Sadly today drugs affect all our communities. Responding to problems caused by the production, trafficking and use of drugs is a challenge and a responsibility we all share, whether we are working at international or local level. Below Wolfgang Götz, EMCDDA Director looks at some of the challenges at local level to address Europe's drug problems.
Today the EMCDDA supplies the scientific evidence base for many of the laws, strategies and programmes being drawn up to respond to the drug problem in the EU Member States, whether at European, national, regional or local level.
Local authorities are a logical partner in dealing with drug-related problems. They are best placed to fine-tune and adapt drug policies to the needs and resources of their community. They are also at the frontline in the fight against drug-related crime the fight against drug-related crime and in dealing with the social
repercussions of drug use.
Local authorities are at the frontline in the fight against drug-related crime
One of the main tests for local decision-makers is finding the right balance between protecting the wider community against drug-related crime, on the one hand, and, on the other hand, helping drug users through social and healthcare interventions to reduce their risk-taking and guide them into treatment.
Treating drug users is very often the domain of local authorities, as services are frequently managed and financed at local level. I believe that one of the main challenges for local authorities in the coming years in tackling drugs will be precisely in this area. One reason is that, although treatment centres are generally more numerous and better equipped today than they were a decade ago, they are still very much geared towards problems relating to heroin use (e.g. there are now over half a million people in Europe in drug substitution treatment). But, as more and more individuals seek treatment for problems linked to synthetic drugs, cannabis, cocaine or polydrug use, services will need to adapt to more, and very varied, problems.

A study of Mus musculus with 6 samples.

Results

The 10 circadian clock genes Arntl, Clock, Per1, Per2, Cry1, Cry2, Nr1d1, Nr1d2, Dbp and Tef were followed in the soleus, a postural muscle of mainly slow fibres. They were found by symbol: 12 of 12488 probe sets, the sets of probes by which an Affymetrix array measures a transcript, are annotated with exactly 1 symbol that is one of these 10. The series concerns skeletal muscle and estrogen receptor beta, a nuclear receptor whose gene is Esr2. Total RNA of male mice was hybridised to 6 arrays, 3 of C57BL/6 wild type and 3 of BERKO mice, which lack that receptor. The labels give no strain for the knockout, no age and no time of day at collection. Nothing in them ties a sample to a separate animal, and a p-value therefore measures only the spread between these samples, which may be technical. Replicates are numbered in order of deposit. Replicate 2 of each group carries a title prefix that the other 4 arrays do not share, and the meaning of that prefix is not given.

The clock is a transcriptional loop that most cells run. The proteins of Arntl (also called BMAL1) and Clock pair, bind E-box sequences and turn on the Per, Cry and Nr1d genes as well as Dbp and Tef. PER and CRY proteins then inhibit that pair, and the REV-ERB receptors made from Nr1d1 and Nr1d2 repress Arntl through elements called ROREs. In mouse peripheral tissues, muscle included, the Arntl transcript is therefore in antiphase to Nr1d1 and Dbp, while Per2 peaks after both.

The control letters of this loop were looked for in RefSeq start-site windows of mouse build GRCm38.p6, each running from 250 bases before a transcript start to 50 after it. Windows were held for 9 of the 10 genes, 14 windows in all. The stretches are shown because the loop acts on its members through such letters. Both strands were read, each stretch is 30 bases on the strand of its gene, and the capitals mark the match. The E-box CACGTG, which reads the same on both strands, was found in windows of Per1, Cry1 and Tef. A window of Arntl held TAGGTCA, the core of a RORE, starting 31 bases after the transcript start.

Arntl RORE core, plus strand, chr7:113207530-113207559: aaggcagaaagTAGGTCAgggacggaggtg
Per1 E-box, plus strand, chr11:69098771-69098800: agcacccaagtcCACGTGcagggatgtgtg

Among the new developments we have witnessed in the last five years in the prevention of drug use in Europe is 'selective prevention', aimed at high-risk groups, families and communities who are often by-passed by prevention work in more traditional settings. Our 2006 Annual report noted a greater involvement here of municipalities, as selective prevention calls for cooperation between youth, education, health, social and law enforcement services which is typically local.
The drug problem is not one that will easily disappear and so our job is to persevere in monitoring its characteristics. It is likely that new forms of drug use will be adopted at first by a few individuals, among small groups or in particular regions, localities, cities or social settings. Our aim is quickly to pick up on new substances and emerging trends, detecting them before they have had time to become major problems.
A longer version of this article was published on the EMCDDA website on 26 June.
Drugnet Europe is the EMCDDA's newsletter launched in September 1996. The newsletter provides regular and succint information on the Centre's projects and activities to a broad readership.